An iron is a household essential you can’t live without. After all, it’s the single most important appliance that can make your clothes look neat and fresh. However, it’s important for the iron to be clean too!
A dirty iron, on the other hand, can cause more harm than good. An unkempt iron can ruin your new clothes within seconds, from snagging fabrics to leaving stains and marks.
Just imagine your new and expensive dress shirts going to waste because of a dirty iron! You certainly don’t want that, do you? This is why you must keep your iron clean at all times.
The good news is that cleaning your iron isn’t as hard as it might sound. In this article, we’ve compiled a list of 10 ways you can clean your iron without burning your fingers in the process.
Although it’s pretty easy to differentiate between a clean and dirty iron, here are some signs that your iron needs maintenance:
There are many ways to clean an iron, and every one of them works in different situations. So, don’t be disappointed if one method doesn’t work; there’s always another one.
Before you get started, make sure that the iron is unplugged, the water tank is empty, and the iron plate is completely cool.
After this, check whether your iron has a self-cleaning feature and use it. If not, then you can use any of the following methods:
Here are some household products you can use to clean elbow grease and other stains from a flat iron:
Baking soda is a holy grail for every cleaning enthusiast. From deodorising your refrigerator to cleaning ovens and dishwashers, it can be your saviour in many sticky situations. And the good news is you can use baking soda to clean your iron’s dirty soleplate as well!
Mix two tablespoons of baking soda with one tablespoon of water to make a paste. Apply it on the soleplate, scrub gently for a few minutes, and keep the paste out of the vent holes. Wipe the buildup and paste with a damp cloth once done.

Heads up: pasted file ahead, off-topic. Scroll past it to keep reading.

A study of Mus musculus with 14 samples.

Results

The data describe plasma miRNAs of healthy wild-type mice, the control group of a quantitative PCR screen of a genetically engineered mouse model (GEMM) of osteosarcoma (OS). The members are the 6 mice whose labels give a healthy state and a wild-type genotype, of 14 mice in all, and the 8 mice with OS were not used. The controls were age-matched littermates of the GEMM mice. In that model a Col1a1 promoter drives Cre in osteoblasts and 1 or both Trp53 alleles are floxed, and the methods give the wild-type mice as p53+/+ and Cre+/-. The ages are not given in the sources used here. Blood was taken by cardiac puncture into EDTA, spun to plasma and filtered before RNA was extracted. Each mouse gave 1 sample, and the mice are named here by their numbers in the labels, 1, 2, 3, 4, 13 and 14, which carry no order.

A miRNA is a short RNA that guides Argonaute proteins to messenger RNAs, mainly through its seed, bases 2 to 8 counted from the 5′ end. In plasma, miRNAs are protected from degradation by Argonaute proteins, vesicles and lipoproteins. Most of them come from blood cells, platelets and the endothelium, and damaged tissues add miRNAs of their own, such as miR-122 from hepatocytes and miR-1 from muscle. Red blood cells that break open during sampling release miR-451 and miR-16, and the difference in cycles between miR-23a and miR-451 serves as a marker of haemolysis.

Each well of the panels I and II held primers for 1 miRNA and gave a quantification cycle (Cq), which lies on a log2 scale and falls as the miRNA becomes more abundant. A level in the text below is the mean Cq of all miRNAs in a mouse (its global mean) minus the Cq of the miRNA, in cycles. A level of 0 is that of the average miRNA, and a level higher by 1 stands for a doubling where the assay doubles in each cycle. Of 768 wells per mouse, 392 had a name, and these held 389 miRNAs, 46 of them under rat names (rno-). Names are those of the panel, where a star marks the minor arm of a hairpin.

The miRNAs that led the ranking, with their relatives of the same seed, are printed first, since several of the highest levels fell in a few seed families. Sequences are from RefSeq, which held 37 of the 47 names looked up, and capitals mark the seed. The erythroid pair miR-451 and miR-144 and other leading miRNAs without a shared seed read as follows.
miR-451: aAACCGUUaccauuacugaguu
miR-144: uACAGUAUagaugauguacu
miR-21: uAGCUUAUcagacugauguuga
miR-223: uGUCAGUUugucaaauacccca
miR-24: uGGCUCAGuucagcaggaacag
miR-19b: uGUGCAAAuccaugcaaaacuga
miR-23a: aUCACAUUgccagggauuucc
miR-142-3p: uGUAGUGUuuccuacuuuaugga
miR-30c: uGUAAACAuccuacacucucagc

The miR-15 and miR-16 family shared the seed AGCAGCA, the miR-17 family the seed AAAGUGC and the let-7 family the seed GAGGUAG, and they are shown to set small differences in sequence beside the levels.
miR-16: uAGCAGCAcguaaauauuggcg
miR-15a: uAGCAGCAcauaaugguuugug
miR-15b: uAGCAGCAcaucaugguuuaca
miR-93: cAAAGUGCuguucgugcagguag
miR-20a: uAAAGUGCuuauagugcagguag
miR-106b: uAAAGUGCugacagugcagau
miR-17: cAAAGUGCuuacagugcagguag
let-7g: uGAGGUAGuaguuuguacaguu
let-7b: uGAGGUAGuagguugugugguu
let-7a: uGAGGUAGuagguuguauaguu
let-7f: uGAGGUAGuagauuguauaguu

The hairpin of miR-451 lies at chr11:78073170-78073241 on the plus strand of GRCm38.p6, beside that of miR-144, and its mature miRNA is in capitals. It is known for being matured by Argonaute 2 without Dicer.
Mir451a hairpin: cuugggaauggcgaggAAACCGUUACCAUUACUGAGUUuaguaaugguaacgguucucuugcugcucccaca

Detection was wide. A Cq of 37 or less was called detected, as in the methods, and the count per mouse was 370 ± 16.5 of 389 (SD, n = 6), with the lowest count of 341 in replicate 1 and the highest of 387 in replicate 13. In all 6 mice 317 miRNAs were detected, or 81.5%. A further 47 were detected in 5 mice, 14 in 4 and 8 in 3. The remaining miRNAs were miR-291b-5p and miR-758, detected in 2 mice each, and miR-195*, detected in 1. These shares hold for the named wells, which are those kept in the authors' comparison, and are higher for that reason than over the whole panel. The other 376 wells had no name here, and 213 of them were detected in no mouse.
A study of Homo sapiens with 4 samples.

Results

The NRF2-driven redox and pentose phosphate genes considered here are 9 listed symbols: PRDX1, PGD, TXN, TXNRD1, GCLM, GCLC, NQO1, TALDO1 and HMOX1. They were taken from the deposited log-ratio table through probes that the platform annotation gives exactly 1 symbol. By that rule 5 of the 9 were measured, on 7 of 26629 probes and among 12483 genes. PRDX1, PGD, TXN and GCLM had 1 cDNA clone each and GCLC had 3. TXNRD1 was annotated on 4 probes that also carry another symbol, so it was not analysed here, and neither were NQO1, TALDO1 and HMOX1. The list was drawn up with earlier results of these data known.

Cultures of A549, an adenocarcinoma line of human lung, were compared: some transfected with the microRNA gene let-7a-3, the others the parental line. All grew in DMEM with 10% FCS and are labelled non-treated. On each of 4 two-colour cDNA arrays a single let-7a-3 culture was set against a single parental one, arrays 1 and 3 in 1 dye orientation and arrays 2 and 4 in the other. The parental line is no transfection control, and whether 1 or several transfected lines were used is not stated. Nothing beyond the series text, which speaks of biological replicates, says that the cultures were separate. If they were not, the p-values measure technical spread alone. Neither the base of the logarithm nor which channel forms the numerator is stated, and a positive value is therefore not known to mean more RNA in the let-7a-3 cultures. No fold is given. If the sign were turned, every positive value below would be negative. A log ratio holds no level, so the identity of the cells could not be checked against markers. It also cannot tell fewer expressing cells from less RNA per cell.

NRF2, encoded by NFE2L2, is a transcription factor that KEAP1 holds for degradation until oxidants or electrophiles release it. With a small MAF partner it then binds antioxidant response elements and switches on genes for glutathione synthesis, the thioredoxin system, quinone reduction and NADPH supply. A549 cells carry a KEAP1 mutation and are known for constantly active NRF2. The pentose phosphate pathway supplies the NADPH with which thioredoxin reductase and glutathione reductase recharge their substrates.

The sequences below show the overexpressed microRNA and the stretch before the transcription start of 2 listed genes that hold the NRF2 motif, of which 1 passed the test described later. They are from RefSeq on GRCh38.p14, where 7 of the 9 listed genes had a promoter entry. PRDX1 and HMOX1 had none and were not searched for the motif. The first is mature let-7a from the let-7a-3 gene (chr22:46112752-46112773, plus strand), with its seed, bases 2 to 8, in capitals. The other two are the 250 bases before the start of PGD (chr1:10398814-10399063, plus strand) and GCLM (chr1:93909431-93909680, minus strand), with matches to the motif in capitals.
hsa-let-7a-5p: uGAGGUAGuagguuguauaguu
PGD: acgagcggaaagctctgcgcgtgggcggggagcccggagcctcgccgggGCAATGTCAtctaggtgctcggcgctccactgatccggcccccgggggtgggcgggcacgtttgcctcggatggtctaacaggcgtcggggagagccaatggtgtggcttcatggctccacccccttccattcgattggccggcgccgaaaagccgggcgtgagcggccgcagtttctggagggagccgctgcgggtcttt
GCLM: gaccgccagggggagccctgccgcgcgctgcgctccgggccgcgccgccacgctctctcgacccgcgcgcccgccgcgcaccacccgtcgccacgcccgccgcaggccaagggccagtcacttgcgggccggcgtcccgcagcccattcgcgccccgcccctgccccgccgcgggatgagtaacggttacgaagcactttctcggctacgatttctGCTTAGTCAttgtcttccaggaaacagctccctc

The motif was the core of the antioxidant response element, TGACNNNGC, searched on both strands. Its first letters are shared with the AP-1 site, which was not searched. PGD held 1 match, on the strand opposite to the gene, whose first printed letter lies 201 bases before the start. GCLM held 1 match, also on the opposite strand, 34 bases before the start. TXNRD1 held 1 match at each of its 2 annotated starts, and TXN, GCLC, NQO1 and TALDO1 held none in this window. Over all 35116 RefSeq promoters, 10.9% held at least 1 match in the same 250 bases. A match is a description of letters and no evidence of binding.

Like baking soda, vinegar is another popular cleaning product that works wonders on dirty areas and surfaces. It’s a natural cleaner, deodoriser, and disinfectant. It can be used to clean both the bottom and inside of your iron.
All you need to do is soak a cloth (perhaps an old towel) in vinegar, place it on a flat surface and then put your iron on it with the metal plate facing down. Wait for half an hour and then wipe the vinegar and grime from the soleplate using a clean cloth. Use a vinegar and salt mixture for a tougher build up.
It might be a bit surprising, but salt and newspaper can also help you get the job done. However, this method is a bit dangerous (considering it involves a hot iron), so you might want to get your mittens out.
If you’re cleaning your iron for the first time, chances are you’ve never thought of this. However, you’d be surprised to know that this is a common cleaning method.
Simply rub white toothpaste (any brand) on your iron’s soleplate, focusing on stained areas more (you can use a toothbrush for that). Leave the applied toothpaste for a minute before wiping the metal plate with a clean cloth or towel.
Dryer sheets aren’t just for your laundry. Of course, the primary purpose of these sheets is to make your clothes softer and reduce static in the fabric, but they can come in handy in other household tasks too, such as cleaning your iron.
Set your iron on the lowest setting and rub the metal plate using a dryer sheet. This should help you get rid of stains and remove melted plastic on the soleplate. Don’t forget to wear a mitten as a hot iron plate can be dangerous!
Cleaning a flat iron is pretty straightforward; the only tricky part is ensuring that you don’t clog the iron’s steam vents when using products like baking soda and toothpaste. But in case you do, you can clean the vents using a cotton swab.
Is your steam iron spraying dirty water instead of fresh, hot steam? Minerals and other deposits in your tap water are the real culprits here. They can pollute your iron’s water reservoir and steam vents.
But don’t worry, we have the tips for cleaning steam irons too. So, before getting your iron serviced by a commercial cleaner and wasting your money, try this effective and safe DIY cleaning solution.
To make your own DIY solution, here’s what you’ll need:
Hopefully, by now, you have the answer to the question about how to clean an iron!
Also, besides wondering how to clean an iron, you’re probably also thinking about how often you should repeat the process? You should clean your iron whenever needed, but make sure you do it at least twice a year.
If you’re doing this for the first time, you might be tempted to use hard objects like paper clips and plastic knives, but please don’t use these. They can scratch or even damage your iron’s soleplate. Instead, follow the methods discussed in this article for a safe and smooth cleaning experience.